Rep. Steve King Pushes for Committee Reinstatement After White Supremacy Remarks—But GOP Leader Doesn't Want Him Back

Iowa Congressman Steve King told a forum Tuesday night that House Minority Leader Kevin McCarthy would be allowed back into the committees he was removed from after his controversial comments were made public in 2019. However, other GOP lawmakers have made it clear that King should not be reinstated.

King's committee assignments were taken away after he made statements that aligned with white supremacist beliefs. He was removed after an interview with The New York Times in which he asked, "White nationalist, white supremacist, Western civilization—how did that language become offensive?"

"Kevin McCarthy and I reached an agreement that he would advocate to the steering committee to put all of my committees back, all of my seniority," King said. When the steering committee reconvenes at the next session of Congress, King added, "I have Kevin McCarthy's word that that will be my time for exoneration."

McCarthy, however, told reporters in 2019 that King would not be placed on congressional committees. Some members of the Republican Steering Committee are set against the idea of King being reinstated.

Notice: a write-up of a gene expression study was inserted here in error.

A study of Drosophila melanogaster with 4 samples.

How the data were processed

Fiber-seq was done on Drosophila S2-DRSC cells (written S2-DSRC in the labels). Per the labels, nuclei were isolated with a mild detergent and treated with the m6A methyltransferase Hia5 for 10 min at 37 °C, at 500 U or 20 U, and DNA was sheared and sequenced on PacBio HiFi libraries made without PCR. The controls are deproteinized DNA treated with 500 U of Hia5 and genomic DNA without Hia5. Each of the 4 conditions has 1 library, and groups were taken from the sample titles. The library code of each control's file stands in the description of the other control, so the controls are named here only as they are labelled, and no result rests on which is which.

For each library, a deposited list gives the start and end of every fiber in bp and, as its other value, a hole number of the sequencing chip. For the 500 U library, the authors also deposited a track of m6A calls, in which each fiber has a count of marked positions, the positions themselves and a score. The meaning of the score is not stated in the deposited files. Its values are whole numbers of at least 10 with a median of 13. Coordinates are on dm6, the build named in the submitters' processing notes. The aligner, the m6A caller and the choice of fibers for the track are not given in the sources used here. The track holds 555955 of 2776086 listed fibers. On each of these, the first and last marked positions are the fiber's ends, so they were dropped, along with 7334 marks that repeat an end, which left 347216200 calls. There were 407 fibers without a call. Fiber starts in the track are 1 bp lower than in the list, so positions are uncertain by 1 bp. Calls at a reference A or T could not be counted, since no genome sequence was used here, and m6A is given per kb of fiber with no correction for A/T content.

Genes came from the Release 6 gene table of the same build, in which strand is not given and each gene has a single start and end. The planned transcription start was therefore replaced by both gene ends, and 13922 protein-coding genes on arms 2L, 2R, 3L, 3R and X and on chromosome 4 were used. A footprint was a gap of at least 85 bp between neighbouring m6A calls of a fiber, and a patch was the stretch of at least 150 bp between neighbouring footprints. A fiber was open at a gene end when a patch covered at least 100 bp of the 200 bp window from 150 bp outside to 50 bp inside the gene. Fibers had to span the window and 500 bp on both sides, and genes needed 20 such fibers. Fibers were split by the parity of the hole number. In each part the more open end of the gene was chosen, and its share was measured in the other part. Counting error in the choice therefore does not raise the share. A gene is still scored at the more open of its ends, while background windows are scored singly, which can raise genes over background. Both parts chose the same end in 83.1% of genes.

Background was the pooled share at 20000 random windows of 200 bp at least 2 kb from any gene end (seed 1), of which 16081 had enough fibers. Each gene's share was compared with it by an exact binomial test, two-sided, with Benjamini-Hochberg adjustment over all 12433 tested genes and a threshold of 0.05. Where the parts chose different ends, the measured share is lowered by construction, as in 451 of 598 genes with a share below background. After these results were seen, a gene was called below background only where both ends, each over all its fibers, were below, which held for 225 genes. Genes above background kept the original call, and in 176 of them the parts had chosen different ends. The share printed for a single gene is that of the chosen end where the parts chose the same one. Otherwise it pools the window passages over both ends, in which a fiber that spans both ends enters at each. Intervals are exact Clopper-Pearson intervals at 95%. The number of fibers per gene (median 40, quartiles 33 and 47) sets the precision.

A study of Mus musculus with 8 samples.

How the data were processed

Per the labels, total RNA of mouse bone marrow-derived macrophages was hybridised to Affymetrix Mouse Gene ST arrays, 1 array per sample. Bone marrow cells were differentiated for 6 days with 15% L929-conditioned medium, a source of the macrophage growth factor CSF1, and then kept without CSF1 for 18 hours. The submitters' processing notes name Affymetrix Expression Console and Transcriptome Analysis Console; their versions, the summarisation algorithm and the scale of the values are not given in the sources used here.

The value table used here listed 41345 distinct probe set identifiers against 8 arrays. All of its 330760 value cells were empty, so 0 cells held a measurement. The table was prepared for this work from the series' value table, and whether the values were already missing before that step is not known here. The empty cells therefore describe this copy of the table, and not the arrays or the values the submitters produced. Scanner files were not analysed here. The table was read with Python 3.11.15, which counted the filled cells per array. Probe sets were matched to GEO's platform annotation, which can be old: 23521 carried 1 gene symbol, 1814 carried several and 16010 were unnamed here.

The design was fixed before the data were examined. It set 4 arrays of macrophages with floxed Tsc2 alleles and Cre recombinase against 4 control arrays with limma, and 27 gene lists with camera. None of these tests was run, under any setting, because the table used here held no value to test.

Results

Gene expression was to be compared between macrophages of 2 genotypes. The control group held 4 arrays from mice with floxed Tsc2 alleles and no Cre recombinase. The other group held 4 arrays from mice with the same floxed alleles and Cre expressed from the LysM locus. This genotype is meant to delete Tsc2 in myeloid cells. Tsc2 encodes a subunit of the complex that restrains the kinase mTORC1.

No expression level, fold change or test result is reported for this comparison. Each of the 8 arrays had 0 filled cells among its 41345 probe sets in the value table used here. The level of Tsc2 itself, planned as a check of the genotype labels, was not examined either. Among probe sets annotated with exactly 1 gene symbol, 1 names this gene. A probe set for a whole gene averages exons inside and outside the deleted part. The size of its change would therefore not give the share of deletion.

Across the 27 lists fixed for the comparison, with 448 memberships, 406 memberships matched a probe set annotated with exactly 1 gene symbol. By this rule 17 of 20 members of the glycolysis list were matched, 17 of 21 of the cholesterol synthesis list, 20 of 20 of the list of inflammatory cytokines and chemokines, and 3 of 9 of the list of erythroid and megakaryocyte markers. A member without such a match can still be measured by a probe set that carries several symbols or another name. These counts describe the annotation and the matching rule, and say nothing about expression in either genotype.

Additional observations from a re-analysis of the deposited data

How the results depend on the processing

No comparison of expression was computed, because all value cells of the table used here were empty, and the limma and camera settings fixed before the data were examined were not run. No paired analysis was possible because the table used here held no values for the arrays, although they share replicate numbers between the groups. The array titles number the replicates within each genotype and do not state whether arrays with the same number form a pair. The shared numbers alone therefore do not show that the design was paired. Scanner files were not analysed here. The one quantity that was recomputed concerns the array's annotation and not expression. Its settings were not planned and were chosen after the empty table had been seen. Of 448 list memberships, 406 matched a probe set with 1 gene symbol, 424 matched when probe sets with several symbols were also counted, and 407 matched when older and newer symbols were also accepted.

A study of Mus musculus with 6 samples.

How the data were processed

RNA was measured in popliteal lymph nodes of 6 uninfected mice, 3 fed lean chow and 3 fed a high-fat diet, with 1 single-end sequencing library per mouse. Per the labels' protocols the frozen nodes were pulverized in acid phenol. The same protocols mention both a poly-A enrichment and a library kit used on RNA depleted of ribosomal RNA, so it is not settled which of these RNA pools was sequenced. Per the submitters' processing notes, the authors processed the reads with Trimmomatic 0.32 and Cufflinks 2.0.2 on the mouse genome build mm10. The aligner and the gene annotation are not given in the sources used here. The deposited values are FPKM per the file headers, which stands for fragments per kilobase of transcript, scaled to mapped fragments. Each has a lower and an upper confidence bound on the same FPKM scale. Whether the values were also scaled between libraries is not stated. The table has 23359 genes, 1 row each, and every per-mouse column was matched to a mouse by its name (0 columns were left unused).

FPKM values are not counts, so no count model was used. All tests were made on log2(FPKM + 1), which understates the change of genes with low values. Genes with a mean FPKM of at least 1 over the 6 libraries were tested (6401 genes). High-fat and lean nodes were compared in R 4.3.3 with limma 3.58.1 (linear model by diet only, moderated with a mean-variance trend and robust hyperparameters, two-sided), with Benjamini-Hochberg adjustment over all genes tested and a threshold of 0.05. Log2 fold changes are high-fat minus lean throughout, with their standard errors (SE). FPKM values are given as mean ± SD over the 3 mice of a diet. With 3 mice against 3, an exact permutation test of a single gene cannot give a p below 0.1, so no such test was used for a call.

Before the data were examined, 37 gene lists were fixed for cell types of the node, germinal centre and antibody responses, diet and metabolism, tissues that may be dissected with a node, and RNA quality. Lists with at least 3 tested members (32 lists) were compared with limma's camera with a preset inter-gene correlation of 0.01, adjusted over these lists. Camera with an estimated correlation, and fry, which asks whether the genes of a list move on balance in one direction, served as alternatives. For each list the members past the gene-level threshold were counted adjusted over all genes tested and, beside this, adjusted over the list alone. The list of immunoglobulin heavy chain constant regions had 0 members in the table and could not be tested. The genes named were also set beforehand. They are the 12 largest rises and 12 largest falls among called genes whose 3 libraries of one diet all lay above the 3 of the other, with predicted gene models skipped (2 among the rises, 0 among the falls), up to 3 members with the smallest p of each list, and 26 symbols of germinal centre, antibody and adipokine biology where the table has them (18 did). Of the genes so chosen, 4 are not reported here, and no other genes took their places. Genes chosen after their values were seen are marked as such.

"As long as I am a member of the Steering Committee," said Republican Ohio Representative Steve Stivers Wednesday on social media, "I will not allow that type of person or that type of ideology to influence the legislation passed by Congress. Steve King does more to hurt Republican and conservative causes than help."

Democratic Congresswoman Judy Chu of California said Wednesday that King was an "unrepentant racist."

"Giving him more power now just says they're okay with it," Chu added.


King, who has been in office since 2003, was formerly a member of the Agriculture, Judiciary and Small Business Committees until 2019, when his comments drew enough ire from lawmakers to force his removal.

At the time of King's removal, McCarthy denounced King's remarks as "definitely not American." King said McCarthy's decision was politically motivated.

Mitch McConnell denounced King's comments as "unworthy of his elected position."

"If he doesn't understand why 'white supremacy' is offensive," McConnell said in 2019, "he should find another line of work."

Although some Republicans attempted to have King reinstated to the committees he was removed from, other lawmakers stonewalled those efforts. "They think if they can keep the subject tamped down that it eventually goes away," King said in a 2019 interview. "But each day that goes by, my patience gets thinner and thinner."

When Newsweek attempted to contact Representative McCarthy, his voicemail was full and would not accept new messages. Newsweek also reached out to the office of Congressman King for further comment. This story will be updated with any response.

King is expected to run for reelection in the June election where he will face one Democratic opponent and four Republicans. Among the Republicans is state Senator Randy Feenstra whom recent polling indicates is in a statistical tie with King.